When it comes to visceral fat (the belly fat that tends to sit around your organs) there’s good and bad news. The bad news is that it poses a bigger threat to health than other, subcutaneous fat. The good news is that it’s considered easier to shift. Here are six, evidence-based ways to blitz belly fat:
- Shrink your portion sizes
Yes, it sounds obvious, but hear us out. One study compared popular diets including high dairy, abdominal exercise and a reduced-calorie diet. Of the three, the reduced-calorie diet fared the best, with participants revealing a 12 per cent reduction in visceral belly fat and a 5 per cent decrease in overall body fat. Participants controlled portions using hands and finger as measuring guides, as well as cutting out snacking.
Try this: With a bit of planning, it is possible to reduce portion size without going hungry (or short on nutrients). Plan for the week ahead. Ensure your meals include plenty of protein and don’t be tempted to skimp on filling, healthy carbs such as baked potatoes, wholegrains and plenty of fruit and vegetables.
- Opt for wholegrains
One study from the American Journal of Clinical Nutrition found that a calorie-controlled diet that includes wholegrains significantly reduced abdominal fat. This is partly because refined grains tend to leave you feeling less full and may interfere with blood sugar levels – and subsequently appetite control.
Try this: there’s plenty to choose from when it comes to wholegrains. To keep your diet as varied, interesting and nutritious as possible, pick from carbs like oats, whole wheat and rye, bulgur wheat and brown rice.
- Focus on cardio
When it comes to your stomach, cardio beats pumping iron. A Duke University study, which compared the effects of resistance training sessions to the equivalent of running 12 miles a week, found that aerobic exercise had the biggest effect on both visceral and liver fat.
Try this: while resistance training may not have a direct impact on visceral fat, it’s still good for increasing strength and boosting muscle tissue, which in turn helps to burn calories more efficiently (and will end up having a knock-on effect to that belly fat).
For best results: combine 3-4 weekly sessions of 30-40 minutes of cardio with a resistance training routine that works on everything from core exercises to compound exercises for upper and lower body, such as a variety of squats, lunges, press ups and planks.
- Don’t forget fibre
A study undertaken by Wake Forest Baptist Medical Centre found that eating 10g of soluble fibre a day resulted in a 3.7 per cent reduction in visceral fat over five years. Soluble fibre forms a gel-like consistency when it reaches your tummy and, as well as helping to keep you full, also helps to block the absorption of cholesterol.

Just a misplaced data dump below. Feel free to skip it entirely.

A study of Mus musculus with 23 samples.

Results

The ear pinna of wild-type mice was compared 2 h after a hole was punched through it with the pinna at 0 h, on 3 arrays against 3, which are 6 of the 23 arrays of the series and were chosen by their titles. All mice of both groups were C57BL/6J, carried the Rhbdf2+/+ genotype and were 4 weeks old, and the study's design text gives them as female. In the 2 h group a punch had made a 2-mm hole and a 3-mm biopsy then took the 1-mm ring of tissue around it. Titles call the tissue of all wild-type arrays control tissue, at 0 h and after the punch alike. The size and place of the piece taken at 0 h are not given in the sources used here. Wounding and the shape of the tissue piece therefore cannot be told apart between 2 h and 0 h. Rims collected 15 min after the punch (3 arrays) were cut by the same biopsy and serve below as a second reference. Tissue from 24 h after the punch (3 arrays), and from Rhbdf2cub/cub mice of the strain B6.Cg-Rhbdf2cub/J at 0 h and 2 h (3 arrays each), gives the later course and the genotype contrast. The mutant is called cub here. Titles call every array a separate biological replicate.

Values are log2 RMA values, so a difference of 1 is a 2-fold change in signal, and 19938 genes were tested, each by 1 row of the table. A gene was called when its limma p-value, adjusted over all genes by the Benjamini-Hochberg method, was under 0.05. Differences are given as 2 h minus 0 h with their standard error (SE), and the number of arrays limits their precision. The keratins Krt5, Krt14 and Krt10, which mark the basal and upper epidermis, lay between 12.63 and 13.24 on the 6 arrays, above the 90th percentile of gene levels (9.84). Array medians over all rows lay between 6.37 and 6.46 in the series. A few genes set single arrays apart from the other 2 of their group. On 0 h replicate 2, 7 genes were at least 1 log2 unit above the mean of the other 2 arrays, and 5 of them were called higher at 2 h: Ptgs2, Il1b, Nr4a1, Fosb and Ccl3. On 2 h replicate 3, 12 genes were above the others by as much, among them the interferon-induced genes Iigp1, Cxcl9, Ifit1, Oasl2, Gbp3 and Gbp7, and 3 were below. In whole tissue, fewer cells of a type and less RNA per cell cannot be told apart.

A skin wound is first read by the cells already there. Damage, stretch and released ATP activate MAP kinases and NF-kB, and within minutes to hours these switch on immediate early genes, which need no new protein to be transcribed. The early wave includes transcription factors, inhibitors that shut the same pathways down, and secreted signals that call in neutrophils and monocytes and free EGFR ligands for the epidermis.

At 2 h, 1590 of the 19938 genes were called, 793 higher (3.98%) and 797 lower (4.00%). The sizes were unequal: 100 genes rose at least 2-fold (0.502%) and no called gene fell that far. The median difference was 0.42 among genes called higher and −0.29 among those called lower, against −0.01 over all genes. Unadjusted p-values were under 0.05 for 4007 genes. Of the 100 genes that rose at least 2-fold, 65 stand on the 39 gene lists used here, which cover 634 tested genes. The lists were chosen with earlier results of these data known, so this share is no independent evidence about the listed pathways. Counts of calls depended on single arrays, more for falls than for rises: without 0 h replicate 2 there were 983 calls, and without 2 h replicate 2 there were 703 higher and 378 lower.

Try this: introduce fibre gradually into your diet to save sending your digestion into overdrive. Soluble fibre is found in grains like oats and rye, fruit such as apples and bananas, as well as beans and pulses.
It’s well documented that the type of fat you eat is as important as the amount of fat you eat – healthy fats can benefit everything from brain function to waist size. One study undertaken by the American Diabetes Association found a higher intake of monounsaturated fats also led to lower central fat distribution, as well as a decrease in insulin resistance.
Conversely, trans-fats, the ‘bad’ guys, have a negative impact on your stomach; Wake Forest University researchers found that a diet high in trans-fats doesn’t just contribute to overall belly fat, it also helps to shift fat from other areas to the belly.
Try this: to reduce your trans-fat intake, avoid products that contain partially hydrogenated fat or oil. This includes processed foods such as biscuits and cakes; spreads or margarine or vegetables oils that have been heated to very high temperatures for frying. Monounsaturated fats, the good guys, can be found in avocados, olive and sunflower oil and most nuts.
- Get a good night’s sleep
Researchers at Wake Forest University School of Medicine found that participants who averaged fewer than five hours of shut-eye a night gained more abdominal fat over five years than those who averaged six hours or more. The take home message? Get more sleep.
Try this: work on your sleep hygiene. Have a cut-off for screen time and allow yourself plenty of time to unwind. Enhance your bedtime routine by dimming lights earlier in the evening, introduce a short bedtime stretching routine and don’t go to bed full or hungry.